MUMBAI: The BCCI may restrict the Indian Premier League (IPL) to only nine teams for now, apropos of the general body “approving” the ITTs (Invitation To Tender) for two new franchises.
In the BCCI’s Annual General Meeting (AGM) held at Ahmedabad last month, the members had given approval to the inclusion of two new franchises in the IPL.
The Board, however, in a move – both cautious and insightful – is likely to add only one team to the T20 league, thus giving weightage to the following issues that it has remained mindful of.
A) Introducing only one franchise now will allow the Board to reap better value for the 10th team in the near future, as simultaneous bids have the potential to cap the value in prevailing market conditions.
B) Adding two teams will force the BCCI to change the format of the league in order to fit the entire season within the existing timeframes (annual cricket calendar). The change in format will mean renegotiation with IPL’s partners in a year when IPL’s media rights will be up for bidding again. Instead, a nine-team IPL will mean only 74 matches – on a home & away basis – which is clearly being seen as a more feasible line of approach.
C) As the International Cricket Council (ICC) gets busy finalising its next Future Tours Program (FTP) and member boards argue in favour of an eight-event cycle, the BCCI is mindful of the bigger picture – of extending the IPL window by at least a month. Extension of the window will mean deriving better value from both – the media rights auction as well as the auction for the 10th team.
D) With just two seasons left before the new IPL rights cycle gets underway – tender for which is expected to be floated this year-end – the BCCI does not wish to disturb the applecart at the moment.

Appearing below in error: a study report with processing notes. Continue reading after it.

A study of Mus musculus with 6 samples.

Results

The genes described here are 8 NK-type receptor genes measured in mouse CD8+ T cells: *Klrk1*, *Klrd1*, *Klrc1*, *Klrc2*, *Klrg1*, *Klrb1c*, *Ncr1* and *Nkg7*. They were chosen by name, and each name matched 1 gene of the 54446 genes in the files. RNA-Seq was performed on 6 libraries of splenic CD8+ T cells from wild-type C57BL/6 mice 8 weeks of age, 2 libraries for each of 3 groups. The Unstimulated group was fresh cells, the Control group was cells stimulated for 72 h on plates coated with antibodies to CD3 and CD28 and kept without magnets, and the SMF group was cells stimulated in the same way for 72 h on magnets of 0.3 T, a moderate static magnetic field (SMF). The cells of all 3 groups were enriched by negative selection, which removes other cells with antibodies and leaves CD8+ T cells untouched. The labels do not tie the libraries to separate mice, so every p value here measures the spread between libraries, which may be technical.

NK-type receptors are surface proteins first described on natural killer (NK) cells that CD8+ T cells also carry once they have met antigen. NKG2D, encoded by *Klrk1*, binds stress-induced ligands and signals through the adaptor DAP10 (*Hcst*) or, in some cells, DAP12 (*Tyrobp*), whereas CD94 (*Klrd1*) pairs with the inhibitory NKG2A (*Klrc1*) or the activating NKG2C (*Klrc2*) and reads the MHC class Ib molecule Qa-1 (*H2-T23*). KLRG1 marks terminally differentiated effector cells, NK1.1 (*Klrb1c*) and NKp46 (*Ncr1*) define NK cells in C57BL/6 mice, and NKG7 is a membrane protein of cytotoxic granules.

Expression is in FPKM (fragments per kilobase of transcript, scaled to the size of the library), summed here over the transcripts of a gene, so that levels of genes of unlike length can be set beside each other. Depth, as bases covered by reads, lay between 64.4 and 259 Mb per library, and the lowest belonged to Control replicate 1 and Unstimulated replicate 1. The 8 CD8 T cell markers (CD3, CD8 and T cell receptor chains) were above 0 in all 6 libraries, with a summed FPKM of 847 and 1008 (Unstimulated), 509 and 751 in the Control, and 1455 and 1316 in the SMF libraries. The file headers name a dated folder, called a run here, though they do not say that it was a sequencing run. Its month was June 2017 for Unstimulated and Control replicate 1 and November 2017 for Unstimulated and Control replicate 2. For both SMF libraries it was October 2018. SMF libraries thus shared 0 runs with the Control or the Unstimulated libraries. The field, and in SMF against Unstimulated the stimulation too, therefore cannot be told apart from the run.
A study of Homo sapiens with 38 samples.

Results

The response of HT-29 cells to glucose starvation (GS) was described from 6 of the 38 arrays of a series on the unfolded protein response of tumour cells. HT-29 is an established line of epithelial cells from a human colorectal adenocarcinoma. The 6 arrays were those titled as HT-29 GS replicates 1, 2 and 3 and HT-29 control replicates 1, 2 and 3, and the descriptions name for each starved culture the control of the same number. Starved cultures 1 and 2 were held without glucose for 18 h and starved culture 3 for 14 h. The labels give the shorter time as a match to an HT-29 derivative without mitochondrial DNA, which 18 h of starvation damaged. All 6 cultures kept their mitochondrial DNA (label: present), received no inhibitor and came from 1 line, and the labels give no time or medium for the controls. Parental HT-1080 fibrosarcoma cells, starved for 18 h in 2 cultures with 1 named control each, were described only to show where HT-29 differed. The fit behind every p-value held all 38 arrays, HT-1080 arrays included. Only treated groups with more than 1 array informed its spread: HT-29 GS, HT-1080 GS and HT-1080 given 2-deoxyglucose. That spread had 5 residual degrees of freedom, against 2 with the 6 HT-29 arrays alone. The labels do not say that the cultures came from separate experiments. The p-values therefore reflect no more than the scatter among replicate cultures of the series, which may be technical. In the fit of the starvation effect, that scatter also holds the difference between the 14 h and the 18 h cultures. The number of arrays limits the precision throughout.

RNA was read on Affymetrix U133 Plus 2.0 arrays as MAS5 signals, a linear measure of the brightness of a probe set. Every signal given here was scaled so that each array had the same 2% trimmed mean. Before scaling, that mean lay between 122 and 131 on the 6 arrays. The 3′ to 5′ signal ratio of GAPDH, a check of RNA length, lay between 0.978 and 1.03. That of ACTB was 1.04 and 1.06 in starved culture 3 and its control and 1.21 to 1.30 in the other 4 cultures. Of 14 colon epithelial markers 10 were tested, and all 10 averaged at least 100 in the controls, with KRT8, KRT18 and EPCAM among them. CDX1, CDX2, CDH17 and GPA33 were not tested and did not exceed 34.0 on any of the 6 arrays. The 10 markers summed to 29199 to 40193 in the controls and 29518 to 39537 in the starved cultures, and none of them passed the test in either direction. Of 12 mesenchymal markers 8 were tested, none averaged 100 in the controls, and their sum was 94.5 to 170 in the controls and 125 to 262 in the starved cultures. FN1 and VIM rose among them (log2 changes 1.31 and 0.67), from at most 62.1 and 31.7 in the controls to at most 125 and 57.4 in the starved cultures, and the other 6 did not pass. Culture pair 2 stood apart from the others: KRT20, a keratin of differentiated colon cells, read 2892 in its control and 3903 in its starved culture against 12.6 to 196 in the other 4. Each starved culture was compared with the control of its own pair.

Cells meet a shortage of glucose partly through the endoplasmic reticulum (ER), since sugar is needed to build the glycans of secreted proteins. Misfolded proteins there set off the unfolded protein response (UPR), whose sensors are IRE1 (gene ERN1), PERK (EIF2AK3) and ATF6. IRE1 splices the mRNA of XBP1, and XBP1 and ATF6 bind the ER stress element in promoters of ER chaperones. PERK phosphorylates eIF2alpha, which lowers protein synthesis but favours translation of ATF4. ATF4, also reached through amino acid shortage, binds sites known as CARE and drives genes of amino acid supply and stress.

E) And most importantly, the Board expects the legalities involving artibrations with Deccan Chargers and Kochi Tuskers to be resolved in the meantime.
The tender is likely to be floated anytime beginning March.
“All said, it’s a well-thought move. The BCCI will clearly benefit in the short and long run because it’ll derive better value from the 10th franchise in the future, doesn’t really disturb the ecosystem for now, buys them more time to put their own house in order,” industry executives say.
Those who are privy to developments say “the idea is also to maintain the quality of the tournament, which means ensuring quality cricketers are available to make for a 10-team pool. Now, is that the case? The ecosystem can only expand in line with talent and manpower. That balance has to exist,” they add.
With the 2023 50-over World Cup of the ICC being shifted from the February-March window to October-November, the BCCI has begun to see the ‘potential larger window’ to accommodate a bigger IPL. The board has been eyeing the month of March to be included for the T20 league and has the support of major cricket boards around the world.
“It is the smaller boards, who did not want BCCI’s comeback in the ICC and are pushing for the eight-year cycle of global events to work, who are not in favour of what India’s looking at. But from an industry standpoint, that’s not how it works. The IPL is like the elephant in the room and it’s going to make space for itself,” add those tracking developments.